Puppy need a series of FOUR DAPP vaccinations.
I will provide your puppy with the first puppy vaccination (when puppies are approx 6-7 weeks old).
Your puppy will need three more puppy vaccination boosters. A 3-4 week interval between each vaccination is recommended by the vaccine manufacturer.
Puppihood Vaccination and Deworming
4 wks deworm
approx 6 wks DAPP*, deworm
approx 9 wks initial exam with vet, deworm, microchip insertion, fecal exam
After picking-up puppy from the breeder, new owner should take puppy for vet visit within 3 business days (vet visit important to establish care with a vet; vet should perform a basic exam, administer 2nd DAPP* puppy vaccination, possible blood labs and/or fecal exam). Breeder must receive documentation of this visit in order to activate the health guarantee.
approx 12 wks DAPP*, deworm, fecal
approx16 wks DAPP*, deworm, rabies virus vaccine, (and fecal exam if vet deems necessary)
approx 6 mo spay/neuter (before puppy becomes sexually mature)
* Nobivac® Canine 1-DAPPv (Galaxy DA2PPv) prevents Canine Distemper, Adenovirus Type 1 (Hepatitis), Adenovirus Type 2 (Respiratory Disease), Parainfluenza, and Parvovirus; DAPP may also be referred to as DHPP.
It is recommended that a series of four DAPP vaccinations be given every three to four weeks starting at 6 weeks of age. Typically, rabies vaccination is given at age 16 weeks.
Not all dogs need every vaccine. Your veterinarian will ask you questions about your dog’s lifestyle, environment, and travel to help tailor the perfect vaccination plan for him. AAHA’s Lifestyle-Based Vaccine Calculator uses factors such as whether your dog visits dog parks, groomers, competes in dog shows, swims in freshwater lakes, or lives on converted farmland to help you and your veterinarian develop your dog’s individualized vaccination plan. There are “core” and “noncore” vaccines. Vaccinations are designated as either core, meaning they are recommended for every dog, or noncore, which means they are recommended for dogs at risk for contracting a specific disease. However, your veterinarian may reclassify a “non-core” vaccine as “core” depending on your dog’s age, lifestyle, and where you live - for instance, in a region where Lyme disease is prevalent, that vaccine may be considered “core”. https://www.aaha.org/pet_owner/aaha_guidelines/aahas_canine_vaccination_guidelines.aspx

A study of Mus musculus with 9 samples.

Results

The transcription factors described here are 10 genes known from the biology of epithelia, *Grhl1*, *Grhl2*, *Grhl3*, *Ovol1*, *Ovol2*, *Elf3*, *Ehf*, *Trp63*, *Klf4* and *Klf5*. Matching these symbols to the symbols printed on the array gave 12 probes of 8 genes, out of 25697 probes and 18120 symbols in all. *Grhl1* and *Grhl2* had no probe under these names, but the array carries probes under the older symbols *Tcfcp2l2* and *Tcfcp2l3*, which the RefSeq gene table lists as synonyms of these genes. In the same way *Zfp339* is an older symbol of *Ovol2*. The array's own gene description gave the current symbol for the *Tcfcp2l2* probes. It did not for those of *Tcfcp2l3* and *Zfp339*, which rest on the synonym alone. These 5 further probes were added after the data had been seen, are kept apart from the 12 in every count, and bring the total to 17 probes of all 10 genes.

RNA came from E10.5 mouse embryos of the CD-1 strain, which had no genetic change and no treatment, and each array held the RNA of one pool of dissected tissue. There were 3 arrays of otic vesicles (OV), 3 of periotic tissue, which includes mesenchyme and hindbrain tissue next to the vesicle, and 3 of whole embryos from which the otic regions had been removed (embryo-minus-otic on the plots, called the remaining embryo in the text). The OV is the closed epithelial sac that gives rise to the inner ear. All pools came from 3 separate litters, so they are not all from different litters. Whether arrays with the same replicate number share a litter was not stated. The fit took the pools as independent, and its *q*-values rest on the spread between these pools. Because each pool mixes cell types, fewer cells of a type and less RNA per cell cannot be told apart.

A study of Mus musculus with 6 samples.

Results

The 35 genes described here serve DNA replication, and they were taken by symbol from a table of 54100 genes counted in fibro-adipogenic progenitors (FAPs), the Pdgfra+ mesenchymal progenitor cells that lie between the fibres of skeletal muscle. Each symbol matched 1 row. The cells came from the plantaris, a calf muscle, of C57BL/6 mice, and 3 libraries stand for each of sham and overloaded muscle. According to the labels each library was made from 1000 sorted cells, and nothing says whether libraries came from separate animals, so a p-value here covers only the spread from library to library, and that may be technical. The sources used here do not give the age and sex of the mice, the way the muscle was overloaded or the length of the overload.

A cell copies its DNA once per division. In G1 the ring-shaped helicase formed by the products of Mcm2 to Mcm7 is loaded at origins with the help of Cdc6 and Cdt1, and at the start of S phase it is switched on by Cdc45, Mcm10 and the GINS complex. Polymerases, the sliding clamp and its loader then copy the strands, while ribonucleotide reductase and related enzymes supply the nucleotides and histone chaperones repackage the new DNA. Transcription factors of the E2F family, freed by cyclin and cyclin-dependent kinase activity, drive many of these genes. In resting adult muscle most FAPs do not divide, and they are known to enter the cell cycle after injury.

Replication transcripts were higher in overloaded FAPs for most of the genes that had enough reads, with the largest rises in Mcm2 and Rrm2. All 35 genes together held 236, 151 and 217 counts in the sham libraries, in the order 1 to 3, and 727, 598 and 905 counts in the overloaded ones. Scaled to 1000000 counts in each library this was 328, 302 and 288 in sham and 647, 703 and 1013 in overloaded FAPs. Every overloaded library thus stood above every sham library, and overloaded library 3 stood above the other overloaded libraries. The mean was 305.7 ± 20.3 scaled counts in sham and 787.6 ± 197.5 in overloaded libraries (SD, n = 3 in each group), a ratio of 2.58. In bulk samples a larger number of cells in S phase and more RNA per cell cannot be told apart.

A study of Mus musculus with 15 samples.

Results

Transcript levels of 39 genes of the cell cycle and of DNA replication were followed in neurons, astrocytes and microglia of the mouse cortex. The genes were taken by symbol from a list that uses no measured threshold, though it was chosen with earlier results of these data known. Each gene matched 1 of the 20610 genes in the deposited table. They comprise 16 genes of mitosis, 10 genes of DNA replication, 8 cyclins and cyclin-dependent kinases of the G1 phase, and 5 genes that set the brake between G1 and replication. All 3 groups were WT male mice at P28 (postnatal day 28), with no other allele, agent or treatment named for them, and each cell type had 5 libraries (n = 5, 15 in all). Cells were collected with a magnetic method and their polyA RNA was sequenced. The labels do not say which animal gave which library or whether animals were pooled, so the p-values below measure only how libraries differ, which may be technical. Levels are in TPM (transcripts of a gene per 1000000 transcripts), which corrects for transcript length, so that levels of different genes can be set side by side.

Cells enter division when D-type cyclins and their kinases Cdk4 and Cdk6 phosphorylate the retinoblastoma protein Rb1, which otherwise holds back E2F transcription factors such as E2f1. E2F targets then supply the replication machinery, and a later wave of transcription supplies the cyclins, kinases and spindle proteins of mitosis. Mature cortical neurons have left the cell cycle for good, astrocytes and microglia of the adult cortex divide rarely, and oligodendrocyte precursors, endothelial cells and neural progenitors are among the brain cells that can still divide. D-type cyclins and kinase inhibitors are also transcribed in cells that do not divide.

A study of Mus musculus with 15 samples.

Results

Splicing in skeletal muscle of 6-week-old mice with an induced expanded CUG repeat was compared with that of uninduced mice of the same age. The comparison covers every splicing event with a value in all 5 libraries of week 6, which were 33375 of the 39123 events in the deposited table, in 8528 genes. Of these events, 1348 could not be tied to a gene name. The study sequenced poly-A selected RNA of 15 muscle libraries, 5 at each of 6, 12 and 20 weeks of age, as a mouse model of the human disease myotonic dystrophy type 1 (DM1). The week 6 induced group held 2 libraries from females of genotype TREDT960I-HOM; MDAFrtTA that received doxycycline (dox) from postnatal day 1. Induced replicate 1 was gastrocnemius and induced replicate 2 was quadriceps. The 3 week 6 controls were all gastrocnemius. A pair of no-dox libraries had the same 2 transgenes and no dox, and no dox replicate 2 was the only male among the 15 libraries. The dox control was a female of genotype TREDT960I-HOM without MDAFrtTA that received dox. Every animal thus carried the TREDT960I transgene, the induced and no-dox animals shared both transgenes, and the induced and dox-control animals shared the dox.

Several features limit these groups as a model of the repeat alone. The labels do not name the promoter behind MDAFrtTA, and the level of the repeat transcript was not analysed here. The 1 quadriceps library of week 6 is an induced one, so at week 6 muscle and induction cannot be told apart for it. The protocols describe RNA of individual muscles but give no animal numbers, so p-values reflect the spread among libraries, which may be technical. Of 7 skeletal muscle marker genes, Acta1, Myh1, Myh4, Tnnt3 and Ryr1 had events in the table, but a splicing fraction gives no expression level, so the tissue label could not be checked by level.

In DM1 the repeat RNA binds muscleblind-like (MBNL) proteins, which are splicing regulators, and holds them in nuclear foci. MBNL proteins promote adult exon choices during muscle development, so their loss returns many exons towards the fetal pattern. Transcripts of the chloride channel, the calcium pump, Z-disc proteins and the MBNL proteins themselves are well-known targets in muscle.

The following vaccinations are considered to be non-core vaccinations that your veterinarian may/may not recommend based upon the puppy’s risk of exposure. Please educate yourself on the benefits and risks of non-core vaccines before bringing your puppy home.
Bordetella bronchiseptica (kennel cough)
Borrelia burgdorferi (bacteria that causes Lyme disease)
Vaccination and Deworming Information
Provided by: Dr. Suzanne Sheldon, French Broad Mobile Vet, Weaverville, NC (Nov. 2018)
We give pediatric vaccines to protect against common viruses and bacteria that can make these individuals critically ill. All of the core vaccines that we use today have minimal side effects and are very effective against the pathogens. Nonetheless, all vaccines have the potential to cause allergic reaction and that side effect is controllable with close monitoring by the owner at home the day of vaccination.
A vaccine’s job is to induce an immunologic antibody response. The first vaccine will produce memory cells that require repeated pathogen exposure to produce antibodies on a protective level to neutralize the threat. We are giving a very minor version of the disease so a real threat can be eliminated without life threating consequences. No vaccine is a 100% barrier from getting some level of clinical signs if exposed to the pathogen. We just want to mitigate the severity of disease.
Just prior to birth, the mother produces the first milk, colostrum, which is composed of her antibodies and nourishing proteins for the first few weeks of life. These essential protectors are absorbed from the gut in the first 24 hours of life. It serves to protect the naïve newborn but we don’t know the quality of mom’s colostrum, if the neonate got any at all, or if they did was it absorbed when ingested. To complicate immunology…mom’s colostrum antibodies have a blocking effect on our vaccines. So there is a major question of the colostrum’s benefit, when will it wane, when will pathogen risk start, and when should we start vaccine protection. Listed above is the veterinary recommended protocol for answering all of those questions despite risk, unknown colostrum benefit versus vaccine block, and naivety of our patients. This protocol has proven to be minimally risky and maximally beneficial for both the patients and affordable for the owners.
Additionally, it should be expected that ALL dogs and cats get gastrointestinal parasites from their mother. No matter what her fecal ova parasite evaluation says the mother is going to release parasite eggs due to the natural immunosuppressive aspects of pregnancy and lactation. She can’t get around it and we really can’t prevent it. So we deworm at each vaccine visit to lessen the overall worm burden to the neonates and lessen the ability for the worms to encyst in the GI lining of these juvenile pets in the first place. Early in the puppy or kittenhood vaccine series I recommend checking a fecal sample for the abnormal parasites these pets are prone to pick up like giardia and coccidia.